IMF asks FG to eliminate fuel, electricity subsidies after tackling inflation

By Innocent Raphael

The International Monetary Fund (IMF) has called on the Nigerian government to phase out fuel and electricity subsidies once the country’s surging inflation is under control.

This recommendation came in the wake of Nigeria’s inflation rate hitting 33.20 percent in March 2024, up from 31.70 percent in February, exacerbating the economic challenges faced by its citizens.

In its report titled ‘Nigeria: 2024 Article IV Consultation,’ the IMF highlighted the initiation of a social transfer scheme aimed at alleviating inflation pressures.

The institution estimated that around 15 million households, comprising approximately 60 million Nigerians, could potentially benefit from this enhanced social intervention program developed in collaboration with the World Bank.

The IMF criticized the existing subsidies on fuel and electricity, labeling them as costly and poorly targeted, with affluent groups reaping more benefits than the vulnerable segments of society.

According to the IMF, subsidy costs could escalate to three percent of Nigeria’s gross domestic product (GDP) in 2024, compared to one percent in the previous year.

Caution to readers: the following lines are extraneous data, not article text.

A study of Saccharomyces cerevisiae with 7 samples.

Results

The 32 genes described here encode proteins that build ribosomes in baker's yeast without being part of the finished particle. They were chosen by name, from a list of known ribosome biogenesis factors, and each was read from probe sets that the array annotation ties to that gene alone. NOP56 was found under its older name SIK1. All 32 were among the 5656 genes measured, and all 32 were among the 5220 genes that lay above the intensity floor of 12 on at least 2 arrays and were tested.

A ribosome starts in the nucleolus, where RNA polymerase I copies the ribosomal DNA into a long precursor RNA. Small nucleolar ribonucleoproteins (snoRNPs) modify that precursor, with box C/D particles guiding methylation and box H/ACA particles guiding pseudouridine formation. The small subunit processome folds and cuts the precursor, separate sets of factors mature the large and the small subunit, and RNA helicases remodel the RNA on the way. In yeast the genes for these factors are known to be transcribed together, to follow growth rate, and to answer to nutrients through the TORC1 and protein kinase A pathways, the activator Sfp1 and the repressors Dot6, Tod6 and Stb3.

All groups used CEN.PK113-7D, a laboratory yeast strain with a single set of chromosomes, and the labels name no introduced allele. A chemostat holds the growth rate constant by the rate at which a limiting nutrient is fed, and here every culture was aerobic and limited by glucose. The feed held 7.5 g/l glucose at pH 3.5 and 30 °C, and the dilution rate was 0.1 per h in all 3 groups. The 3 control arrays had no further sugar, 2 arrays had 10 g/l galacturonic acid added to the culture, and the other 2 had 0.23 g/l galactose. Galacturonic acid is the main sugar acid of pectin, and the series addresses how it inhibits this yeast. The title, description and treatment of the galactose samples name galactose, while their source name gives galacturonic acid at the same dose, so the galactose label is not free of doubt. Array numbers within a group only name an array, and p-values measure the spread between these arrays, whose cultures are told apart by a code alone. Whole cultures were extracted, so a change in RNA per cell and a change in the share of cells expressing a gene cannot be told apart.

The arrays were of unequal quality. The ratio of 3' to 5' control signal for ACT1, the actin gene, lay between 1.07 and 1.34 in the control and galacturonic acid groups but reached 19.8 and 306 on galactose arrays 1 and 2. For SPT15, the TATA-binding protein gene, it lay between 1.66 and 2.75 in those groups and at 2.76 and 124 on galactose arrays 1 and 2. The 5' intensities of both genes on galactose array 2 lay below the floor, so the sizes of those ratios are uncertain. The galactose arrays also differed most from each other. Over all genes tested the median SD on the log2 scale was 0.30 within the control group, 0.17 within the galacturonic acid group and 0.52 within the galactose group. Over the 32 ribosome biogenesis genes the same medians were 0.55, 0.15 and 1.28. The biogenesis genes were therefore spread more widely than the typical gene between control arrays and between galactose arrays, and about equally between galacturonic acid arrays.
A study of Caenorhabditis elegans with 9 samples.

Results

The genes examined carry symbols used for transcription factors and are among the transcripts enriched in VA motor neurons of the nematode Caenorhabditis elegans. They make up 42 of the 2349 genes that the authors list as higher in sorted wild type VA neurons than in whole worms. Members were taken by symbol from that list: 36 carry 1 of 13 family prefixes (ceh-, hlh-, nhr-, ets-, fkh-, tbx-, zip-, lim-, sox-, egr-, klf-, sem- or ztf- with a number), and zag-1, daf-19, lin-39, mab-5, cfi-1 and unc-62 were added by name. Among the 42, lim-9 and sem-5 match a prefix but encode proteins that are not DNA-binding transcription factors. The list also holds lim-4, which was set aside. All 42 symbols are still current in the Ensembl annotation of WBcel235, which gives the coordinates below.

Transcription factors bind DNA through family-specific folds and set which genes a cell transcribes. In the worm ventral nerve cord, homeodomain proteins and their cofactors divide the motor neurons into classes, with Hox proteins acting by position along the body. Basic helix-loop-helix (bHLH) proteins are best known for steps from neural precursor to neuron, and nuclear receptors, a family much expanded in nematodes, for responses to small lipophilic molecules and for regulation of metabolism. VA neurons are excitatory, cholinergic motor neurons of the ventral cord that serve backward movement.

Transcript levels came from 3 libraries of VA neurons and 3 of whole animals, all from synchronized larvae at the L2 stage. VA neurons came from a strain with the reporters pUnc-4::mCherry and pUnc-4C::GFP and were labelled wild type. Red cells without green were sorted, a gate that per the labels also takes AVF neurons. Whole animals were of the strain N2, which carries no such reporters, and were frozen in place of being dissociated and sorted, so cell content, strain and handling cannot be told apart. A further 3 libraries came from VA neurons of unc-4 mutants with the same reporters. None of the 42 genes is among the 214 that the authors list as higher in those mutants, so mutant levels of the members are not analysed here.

Nigeria’s budget deficit has also been a cause for concern, with factors such as lower oil and gas revenue projections and increased interest costs contributing to the widening gap.

The IMF projected a deficit of 4.5 percent of GDP for the federal government in 2024, emphasizing the need for realistic revenue mobilization efforts and prudent fiscal management to address the country’s socio-economic challenges in the long term.

“Staff factors in an under-execution of capital expenditure in line with past outcomes and estimates an FGN deficit of 4.5 percent of GDP relative to the 2024 budget target of 3.4 percent of GDP.

“For the consolidated government, this implies a projected deficit of 4.7 percent of GDP in 2024 —compared to 4.8 percent of GDP in 2023 measured from the financing side — which is appropriate given the large social needs and factoring in a realistic pace of revenue mobilization.

“Over the medium-term, staff projects consolidation in the non-oil primary deficit. With rising interest costs, government debt stabilizes towards the end of the projection period,” the report read in part.